The violin is a delicate instrument that requires careful care to maintain the quality of its look and sound. Careful polishing will ensure that the sound that emanates from the violin is as beautiful as possible. Over polishing can lead to a clogging of the strings, deadening of the resonance and more.
Polishing Your Violin
The following is a brief guide on how to polish a violin for the best results:
- Although most violins are made from wood, it is not a good idea to use standard furniture polish to clean them. Certain cheap furniture polishes use harsh chemicals or ingredients that can damage the wood and do more harm than good. You should avoid any polish that uses lemon juice, alcohol or silicone oils as these will damage the violin. Polishes that use silicone also lead to a sticky build-up on the violin which mixes with the rosin to create a mess on the surface that will impair your play.
- You can buy specialist violin polish from music shops and online stores. Then acquire some soft polishing cloths or a microfiber cloth for polishing.
- Using the clean polishing cloth, wipe the violin, taking care to remove any dust, dirt or rosin build up as much as possible.
- Use a small amount of polish, applied directly to the cloth and apply it to the body of the violin. Don”t try to polish the strings, just the body of the violin.
- If you can see the grain of the wood in your violin, then follow that while polishing – using long straight and gentle strokes of the cloth to polish it. Otherwise you could polish your violin using small, gentle circular motions.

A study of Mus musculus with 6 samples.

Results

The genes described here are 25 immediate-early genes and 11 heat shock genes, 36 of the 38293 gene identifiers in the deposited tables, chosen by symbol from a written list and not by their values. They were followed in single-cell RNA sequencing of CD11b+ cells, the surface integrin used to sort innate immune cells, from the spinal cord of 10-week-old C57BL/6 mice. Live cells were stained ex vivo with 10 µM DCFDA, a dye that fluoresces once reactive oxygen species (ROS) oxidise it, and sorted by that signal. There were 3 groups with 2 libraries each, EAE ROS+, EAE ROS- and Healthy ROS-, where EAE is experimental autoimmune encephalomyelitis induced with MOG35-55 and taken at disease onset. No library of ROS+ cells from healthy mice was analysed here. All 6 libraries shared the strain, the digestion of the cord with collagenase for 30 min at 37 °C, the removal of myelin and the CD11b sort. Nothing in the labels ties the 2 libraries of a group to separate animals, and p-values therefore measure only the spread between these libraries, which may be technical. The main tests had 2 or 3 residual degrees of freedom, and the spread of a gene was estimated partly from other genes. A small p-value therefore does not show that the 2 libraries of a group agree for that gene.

- Turn your polishing cloth regularly and don”t be tempted to apply extra amounts of polish. Over polishing a violin is worse than no polishing at all.
- Wash your cloth before you use it next time.
There”s no need to regularly polish your violin. Be conservative with how much polish you use and how often you use it.
Cleaning Violin Strings
- Use a lint-free cloth or cleaning rag to clean the strings of your violin – hold the violin upside down and wipe each string individually. This should remove the excess build-up of rosin* or grease and oils from your fingers from the strings.
- Be careful not to damage the strings or leave any lint on them.
- Once you”re finished, give your cloth a good wash to ensure all rosin is removed and make sure it”s dry and clean before you use it next time you need to polish and clean your violin.
Keeping Your Violin Clean
To help maintain the life of your violin and reduce the need to polish it, you could take some steps to keep it clean:
- Wipe off any excess rosin as you go.
- Remember to wash your hands before playing
Things to Avoid
Things to avoid when polishing your violin:
- Sub-standard or cheap furniture polish – this sort of polish will ruin the resonance and thus the quality of the sound from the violin by clogging up the wood.
- Excessive and regular polishing – if you polish a violin too often it will end up clogged with polish making it less tuneful .
- Avoid getting polish on the strings or the bow of your violin. This will lead to them being sticky and less likely to play the right note.
- Avoid alcohol wipes – the can damage and dull the wood of a violin making it unappealing.
*Rosin is a resin substance commonly used by violinists on their bow for better grip on the violin string, but excessive build up can hinder the sound quality.